U.S. Chamber of Commerce names Suzanne Clarke as CEO to replace outgoing Tom Donahue

Donohue is stepping down after 24 years at the helm of the powerful lobbying institution
Thomas Donohue and Suzanne Clark
(The Washington Post / Getty Images)

The U.S. Chamber of Commerce has announced that Suzanne Clark will become its next leader, becoming the first woman to lead the influential trade group. 

Clark will assume the role of CEO as Tom Donohue, who ran the chamber for nearly a quarter of a century, steps down.

Donohue's exit was initially announced in June of 2019, though it was first told that he would be stepping down in 2022. At the time of the announcement, Clark was promoted from her senior executive vice president role to president of the chamber. 

"Suzanne Clark's extensive experience through ever increasing responsibilities during her more than 16 years at the Chamber, combined with her ambitious vision and ongoing work to strengthen the U.S. Chamber of Commerce, make her the resounding choice to lead the organization into the future," read a statement from the chamber Board Chairman Christopher Lofgren.

Clark will become CEO of the group on March 11, when the board of directors meets to confirm her position.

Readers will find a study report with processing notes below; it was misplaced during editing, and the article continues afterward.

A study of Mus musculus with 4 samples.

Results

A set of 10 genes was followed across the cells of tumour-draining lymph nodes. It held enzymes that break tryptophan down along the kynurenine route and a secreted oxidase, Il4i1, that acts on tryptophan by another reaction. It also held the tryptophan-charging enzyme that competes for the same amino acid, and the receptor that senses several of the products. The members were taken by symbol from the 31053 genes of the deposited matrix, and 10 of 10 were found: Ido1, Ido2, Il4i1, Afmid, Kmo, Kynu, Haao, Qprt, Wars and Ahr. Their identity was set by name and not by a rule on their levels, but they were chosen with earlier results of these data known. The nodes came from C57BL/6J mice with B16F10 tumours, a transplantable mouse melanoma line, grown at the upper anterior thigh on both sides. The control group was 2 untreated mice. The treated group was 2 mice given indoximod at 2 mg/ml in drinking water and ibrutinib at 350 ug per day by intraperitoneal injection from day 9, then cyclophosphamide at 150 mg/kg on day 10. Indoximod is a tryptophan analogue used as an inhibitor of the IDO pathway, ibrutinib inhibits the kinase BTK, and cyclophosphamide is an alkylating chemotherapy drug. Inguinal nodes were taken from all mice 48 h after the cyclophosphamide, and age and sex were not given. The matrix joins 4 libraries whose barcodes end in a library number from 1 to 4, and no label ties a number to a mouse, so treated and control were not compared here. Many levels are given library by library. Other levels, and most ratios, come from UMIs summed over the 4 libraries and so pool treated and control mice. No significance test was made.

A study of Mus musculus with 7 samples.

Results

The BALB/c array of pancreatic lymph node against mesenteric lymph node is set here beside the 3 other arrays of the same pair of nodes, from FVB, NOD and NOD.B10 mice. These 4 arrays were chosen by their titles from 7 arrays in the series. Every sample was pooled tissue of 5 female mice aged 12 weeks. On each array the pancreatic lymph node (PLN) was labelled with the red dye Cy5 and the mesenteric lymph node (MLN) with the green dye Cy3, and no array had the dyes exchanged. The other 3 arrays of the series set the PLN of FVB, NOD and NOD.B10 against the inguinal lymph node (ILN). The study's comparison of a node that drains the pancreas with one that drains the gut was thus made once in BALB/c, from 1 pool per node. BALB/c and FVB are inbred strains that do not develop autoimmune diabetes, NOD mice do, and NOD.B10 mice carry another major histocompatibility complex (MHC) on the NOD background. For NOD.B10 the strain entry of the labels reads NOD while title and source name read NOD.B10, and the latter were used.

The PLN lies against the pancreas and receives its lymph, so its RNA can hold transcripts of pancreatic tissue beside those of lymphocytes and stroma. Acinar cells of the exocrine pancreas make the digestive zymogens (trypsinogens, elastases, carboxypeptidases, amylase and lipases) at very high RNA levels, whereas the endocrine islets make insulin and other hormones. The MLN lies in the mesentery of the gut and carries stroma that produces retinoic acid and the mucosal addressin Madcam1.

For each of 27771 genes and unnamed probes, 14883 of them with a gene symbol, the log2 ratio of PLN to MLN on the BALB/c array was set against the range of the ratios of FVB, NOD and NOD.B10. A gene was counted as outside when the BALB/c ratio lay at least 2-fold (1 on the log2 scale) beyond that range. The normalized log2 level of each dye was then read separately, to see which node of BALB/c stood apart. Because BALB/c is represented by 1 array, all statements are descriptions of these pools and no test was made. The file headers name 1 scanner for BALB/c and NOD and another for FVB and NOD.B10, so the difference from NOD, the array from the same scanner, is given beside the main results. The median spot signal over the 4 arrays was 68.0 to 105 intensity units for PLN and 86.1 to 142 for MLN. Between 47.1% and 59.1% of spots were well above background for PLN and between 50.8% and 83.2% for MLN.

"I am honored to lead the U.S. Chamber at a time when our members need us most. American businesses are dealing with the uncertainty of the pandemic, the challenges of a recession and uneven recovery, stark shifts in government leadership and policy, and near-constant disruptions being driven by rapid technological advancement," Clark said. 

The chamber, for the last two decades, has been a K Street lobbying institution – perhaps ascending to its peak power position during the Obama years when it sparred often with the administration's health care and economic recovery policies.

Lately, however, the group has moved left, going so far as to endorse a group of Democratic House incumbents during the 2020 cycle.

The institution has signaled an interested in working with the Biden administration on its $1.9 trillion coronavirus relief proposal, advocating for a bipartisan compromise on the package, as opposed to forcing the bill through with only Democratic votes.